Imported from China around the 8th century, the chrysanthemum soon became popular with the Imperial family, and the flower’s motif is still ingrained in Japan’s national identity today. The Emperor’s role is euphemistically referred to as the “Chrysanthemum Throne,” and the Imperial Seal, which is featured on every Japanese passport, is a sixteen-petal chrysanthemum.
Various cities across Japan hold chrysanthemum festivals in the fall, usually running from October to November. The Nihonmatsu Chrysanthemum Doll Festival opened just last Friday in Fukushima prefecture’s Nihonmatsu city and is set to run until November 18th.
In the past, the Nihonmatsu chrysanthemum festival has ran for about seven weeks and could feature up to 30,000 flowers. However, due to the March 11th nuclear disaster and difficulty obtaining flowers, last year’s festival only ran for four weeks and could only muster about 6,000 chrysanthemums. This year, the Daily Yomuiri reports, the event organizers managed to obtain 10,000 flowers, and the festival will be extended to five weeks.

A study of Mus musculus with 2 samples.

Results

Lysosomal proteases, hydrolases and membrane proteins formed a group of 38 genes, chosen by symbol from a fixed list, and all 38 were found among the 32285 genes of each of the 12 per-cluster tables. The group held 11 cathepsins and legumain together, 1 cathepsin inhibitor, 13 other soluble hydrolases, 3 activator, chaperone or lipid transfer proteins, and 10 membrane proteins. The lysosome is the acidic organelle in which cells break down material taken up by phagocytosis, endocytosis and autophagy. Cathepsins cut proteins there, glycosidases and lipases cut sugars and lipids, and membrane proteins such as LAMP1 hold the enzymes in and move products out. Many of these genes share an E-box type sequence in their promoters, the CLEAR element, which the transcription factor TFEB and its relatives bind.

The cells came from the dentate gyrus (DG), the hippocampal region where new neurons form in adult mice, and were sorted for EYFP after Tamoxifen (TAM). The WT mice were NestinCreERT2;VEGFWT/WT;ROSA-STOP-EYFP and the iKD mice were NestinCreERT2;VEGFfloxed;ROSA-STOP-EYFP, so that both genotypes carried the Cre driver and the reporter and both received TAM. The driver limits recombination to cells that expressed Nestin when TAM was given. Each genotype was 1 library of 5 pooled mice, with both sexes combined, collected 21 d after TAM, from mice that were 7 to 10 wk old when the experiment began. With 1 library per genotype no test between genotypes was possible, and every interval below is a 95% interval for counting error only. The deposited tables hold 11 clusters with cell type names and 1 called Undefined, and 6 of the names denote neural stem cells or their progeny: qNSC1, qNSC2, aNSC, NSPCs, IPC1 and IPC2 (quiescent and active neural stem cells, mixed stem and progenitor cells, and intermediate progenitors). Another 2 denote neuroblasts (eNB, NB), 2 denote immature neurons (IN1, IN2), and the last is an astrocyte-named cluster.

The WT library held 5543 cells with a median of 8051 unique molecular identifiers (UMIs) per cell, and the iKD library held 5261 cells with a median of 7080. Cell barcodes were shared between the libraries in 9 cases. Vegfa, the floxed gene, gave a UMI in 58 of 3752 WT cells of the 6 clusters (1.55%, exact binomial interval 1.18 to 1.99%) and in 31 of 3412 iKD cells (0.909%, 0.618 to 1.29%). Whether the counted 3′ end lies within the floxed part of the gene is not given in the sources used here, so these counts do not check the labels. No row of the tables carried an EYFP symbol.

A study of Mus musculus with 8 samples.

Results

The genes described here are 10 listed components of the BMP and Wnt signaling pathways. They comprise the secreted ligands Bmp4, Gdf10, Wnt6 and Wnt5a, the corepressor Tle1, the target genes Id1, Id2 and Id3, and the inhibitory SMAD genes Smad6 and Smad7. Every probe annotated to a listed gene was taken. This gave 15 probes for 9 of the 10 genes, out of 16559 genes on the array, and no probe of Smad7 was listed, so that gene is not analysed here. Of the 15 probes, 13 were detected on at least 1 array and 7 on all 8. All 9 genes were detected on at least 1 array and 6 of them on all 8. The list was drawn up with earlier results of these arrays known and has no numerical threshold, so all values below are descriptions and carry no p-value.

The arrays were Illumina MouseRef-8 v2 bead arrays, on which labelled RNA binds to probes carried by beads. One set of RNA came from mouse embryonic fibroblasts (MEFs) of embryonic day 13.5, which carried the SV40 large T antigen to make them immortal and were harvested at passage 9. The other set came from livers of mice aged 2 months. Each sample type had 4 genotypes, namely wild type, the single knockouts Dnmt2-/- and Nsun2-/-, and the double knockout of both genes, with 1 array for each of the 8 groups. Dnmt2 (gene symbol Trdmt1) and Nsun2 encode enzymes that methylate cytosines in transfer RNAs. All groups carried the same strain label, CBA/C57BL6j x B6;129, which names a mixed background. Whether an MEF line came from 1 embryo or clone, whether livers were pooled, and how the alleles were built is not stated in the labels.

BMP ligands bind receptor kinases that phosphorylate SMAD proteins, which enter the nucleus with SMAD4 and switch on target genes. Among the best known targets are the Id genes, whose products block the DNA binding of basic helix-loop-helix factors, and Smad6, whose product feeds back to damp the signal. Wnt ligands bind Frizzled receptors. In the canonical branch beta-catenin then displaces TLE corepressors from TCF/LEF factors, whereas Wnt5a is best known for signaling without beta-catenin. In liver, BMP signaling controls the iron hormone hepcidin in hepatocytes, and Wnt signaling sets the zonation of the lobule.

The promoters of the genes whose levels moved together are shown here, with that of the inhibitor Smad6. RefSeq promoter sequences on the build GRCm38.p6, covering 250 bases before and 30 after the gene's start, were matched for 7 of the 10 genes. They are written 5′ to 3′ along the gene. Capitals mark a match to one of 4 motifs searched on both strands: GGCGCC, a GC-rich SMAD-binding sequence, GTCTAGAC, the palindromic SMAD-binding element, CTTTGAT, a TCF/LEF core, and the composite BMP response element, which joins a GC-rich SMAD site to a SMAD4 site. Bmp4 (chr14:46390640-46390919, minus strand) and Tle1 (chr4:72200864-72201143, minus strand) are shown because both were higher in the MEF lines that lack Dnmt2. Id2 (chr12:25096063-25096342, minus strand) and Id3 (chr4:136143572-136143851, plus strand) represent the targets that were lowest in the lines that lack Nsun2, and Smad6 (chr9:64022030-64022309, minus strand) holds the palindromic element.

The Nihonmatsu festival features elaborate chrysanthemum displays, the most popular being the kiku ningyo, or chrysanthemum dolls, mannequins replicating well-known scenes from history, pop culture, and literature while dressed in clothing constructed out of chrysanthemums.
Other chrysanthemum pieces on display include ozukuri chrysanthemums, individual plants groomed to have 1,000 or more flowers.
Pennsylvania’s own Longwood Gardens has attempted to grow a true-to-name ozukuri several times, and finally managed to break the 1,000-point last fall, with 1.167 blooms from one plant. (Fun fact: Last fall, a Japanese ozukuri also reached a record 4,351 flowers.) A Longwood Gardens blog post from 2009 gives a detailed account of how horticulturists growozukuri. The post also features a video with commentary from the gardening crew and footage of them transporting the massive plant.
If you happen to visit Japan between now and mid-November, do try to attend one of the chrysanthemum festivals taking place, in Fukushima or elsewhere. If you won’t be making the 15-hour plane ride any time soon, don’t worry! Longwood Gardens has grown another ozukuri for this fall season, and will be putting it on display with other elaborate chrysanthemum pieces in their own Chrysanthemum Festival running from October 27th to November 18th.